What Does it Mean if I Am an Alpha-1 Carrier ?

Last updated: January 2022

An Alpha-1 carrier is a person who has one normal Alpha-1 gene (M) and one defective Alpha-1 gene (usually Z or S) (but there are over 150 mutations).1 Being a carrier is very common. It is believed that over 19 million people in the United States are carriers. Most Alpha-1 carriers are MZ or MS. Carriers may have lower blood levels of the Alpha-1 antitrypsin protein, but their levels are rarely as low as those of people with Alpha-1.2

Alpha-1 and cystic fibrosis

Passing genes

One thing that people may be unaware of is that Alpha-1 carriers can have problems due to Alpha-1. Alpha-1 carriers can get just as sick as regular Alphas with two defective genes and pass the gene on because of their one defective gene.

Lowering risks

Most Alpha-1 doctors say that Alpha-1 carriers have only a slight risk of developing a disease due to Alpha-1.2 As long as you live as healthy as possible by eating a healthy diet, not smoking or drinking, staying away from harmful chemicals and fumes (like cleaning and working fumes) and getting plenty of exercise, you can lower those risks.2

The term

In my opinion and the opinion of many of my Alpha friends, we dislike the term “carrier” or “just a carrier” because we have met many more carriers that are just as sick or even sicker than some of us Alphas with both defective genes. We believe that you should be seen as an Alpha even with one defective gene. We are not saying that those doctors are wrong, just stating how we feel about that term.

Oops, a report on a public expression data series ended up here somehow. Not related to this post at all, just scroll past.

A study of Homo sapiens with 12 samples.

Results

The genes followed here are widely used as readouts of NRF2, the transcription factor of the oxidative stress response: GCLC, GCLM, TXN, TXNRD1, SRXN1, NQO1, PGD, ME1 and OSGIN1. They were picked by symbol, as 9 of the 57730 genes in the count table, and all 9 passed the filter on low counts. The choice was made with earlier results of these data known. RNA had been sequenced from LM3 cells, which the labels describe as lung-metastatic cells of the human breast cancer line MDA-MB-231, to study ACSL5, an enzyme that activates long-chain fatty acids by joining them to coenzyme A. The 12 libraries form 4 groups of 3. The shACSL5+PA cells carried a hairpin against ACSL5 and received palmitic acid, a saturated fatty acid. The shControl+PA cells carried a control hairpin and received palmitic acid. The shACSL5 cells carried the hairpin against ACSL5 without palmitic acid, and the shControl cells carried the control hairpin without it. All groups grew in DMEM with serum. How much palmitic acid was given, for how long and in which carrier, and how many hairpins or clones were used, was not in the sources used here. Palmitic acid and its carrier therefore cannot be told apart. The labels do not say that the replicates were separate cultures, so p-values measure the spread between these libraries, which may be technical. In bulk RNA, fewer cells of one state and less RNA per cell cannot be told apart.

My children

At least carriers

I remember when I was first diagnosed and didn’t realize that since I had both defective genes, my children were at least carriers with at least one defective gene. My sons had to get school physicals so I had my primary care doctor at that time test my sons. When the test results came back, she said that my son's test results were fine. What a disappointment it was when learning more about Alpha-1 and that all three of my children had to be at least carriers.

Educating doctors

They were all tested and found out to be MZ. So, why did my doctor say they were just fine? Well, when doing the test, she did not do a phenotype and genotype together, she only checked the levels. I don’t blame her because I know that there are many doctors out there that don’t know very much about Alpha-1 or the correct testing that needs to be done. That is why being an advocate for yourself or for those that you are caregivers for is very important. We need to help educate doctors who are unaware.


I would like to suggest that if you are diagnosed as a carrier you:

  • Raise awareness and have your family members tested for Alpha-1.
  • Have at least one good checkup with an Alpha-1 doctor or lung and liver specialist (even if you have no symptoms) to get a good starting point of what your lungs and liver are like now to use as a reference point for later.
  • Live a healthy lifestyle to help keep you healthy.

I hope this has helped you to see what it means to be an Alpha-1 carrier.

Here is a picture of my children, my Alpha-1 carriers, at my daughter’s wedding in 2014. From left to right: Michael, Danyelle, and Tyler.

If you have read some of my other articles you know this day was one of my goals in life after being diagnosed, to witness my children getting married.  I am so glad that I was there to witness that beautiful day.